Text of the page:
This research was supported by NIMH Grants MH32103 and MH38118 to Rafacl Klorman. Joan Brumaghm's particiation was funded in part by a postdoctoral research fellowship from NIMH Grant MH1708. We are grateful for the help of Keith Conners. David Kurtz. Jan Loney James Metz. Lawrence Ota. William Pelham, Helen Pollock. Harry Rers. David Williams, and the Strong Memorial Hospital Pharmacy.
Effects of Methylphenidate on Processing Negativities in Patients With Attention-deficit Hyperactivity Disorder
Article first published online: 30 JAN 2007
Volume 27, Issue 3, pages 328–337, May 1990
How to Cite
Klorman, R., Brumaghim, J. T., Salzman, L. F., Strauss, J., Borgstedt, A. D., McBride, M. C. and Loeb, S. (1990), Effects of Methylphenidate on Processing Negativities in Patients With Attention-deficit Hyperactivity Disorder. Psychophysiology, 27: 328–337. doi: 10.1111/j.1469-8986.1990.tb00391.x
- Issue published online: 30 JAN 2007
- Article first published online: 30 JAN 2007
- (Manuscript received May 18, 1988; accepted for publication June 25, 1989)
- Processing negativity;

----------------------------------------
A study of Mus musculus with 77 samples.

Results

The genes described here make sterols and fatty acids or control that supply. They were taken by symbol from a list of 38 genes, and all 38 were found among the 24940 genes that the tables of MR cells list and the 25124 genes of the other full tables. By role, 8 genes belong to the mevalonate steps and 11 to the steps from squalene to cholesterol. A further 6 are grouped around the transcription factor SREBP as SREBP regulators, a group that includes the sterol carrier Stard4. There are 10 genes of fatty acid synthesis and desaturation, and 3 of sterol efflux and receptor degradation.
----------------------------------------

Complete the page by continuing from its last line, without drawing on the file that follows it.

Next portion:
- Attention deficit-Hyperactivity Disorder;
This study compared the impact of methylphenidate on patients with Attention-deficit Hyperactivity Disorder (ADHD) with and without aggressive/noncompliant features in an oddball test consisting of a randomly ordered series of loud (frequent) tones, soft (rare) tones, bright (frequent) lights, and dim (rare) lights. In alternate conditions, subjects were required to respond to either the rare tones or the rare lights. These tasks were administered in a drug-free baseline session and after a counterbalanced treatment of 14 days each of methylphenidate (0.3 mg/Kg b.i.d.) and placebo (lactose b.i.d.). In comparison with placebo, methylphenidate resulted in greater accuracy and speed of reactions to targets of both modalities. The amplitude of N1 to auditory nontargets was larger when the target was a rare tone as opposed to a rare light, and this attention-related effect was increased by methylphenidate. The same differential amplitude enhancement by stimulant treatment was found for an early area measure of difference ERPs. In contrast, for N1 to visual nontargets the effect of selective attention (larger amplitude when the target was a rare light vs. a rare tone) was not significant and was not affected by stimulant medication. All these findings were comparable for the three ADHD subgroups, a result attesting to the generality of stimulant effects on information processing.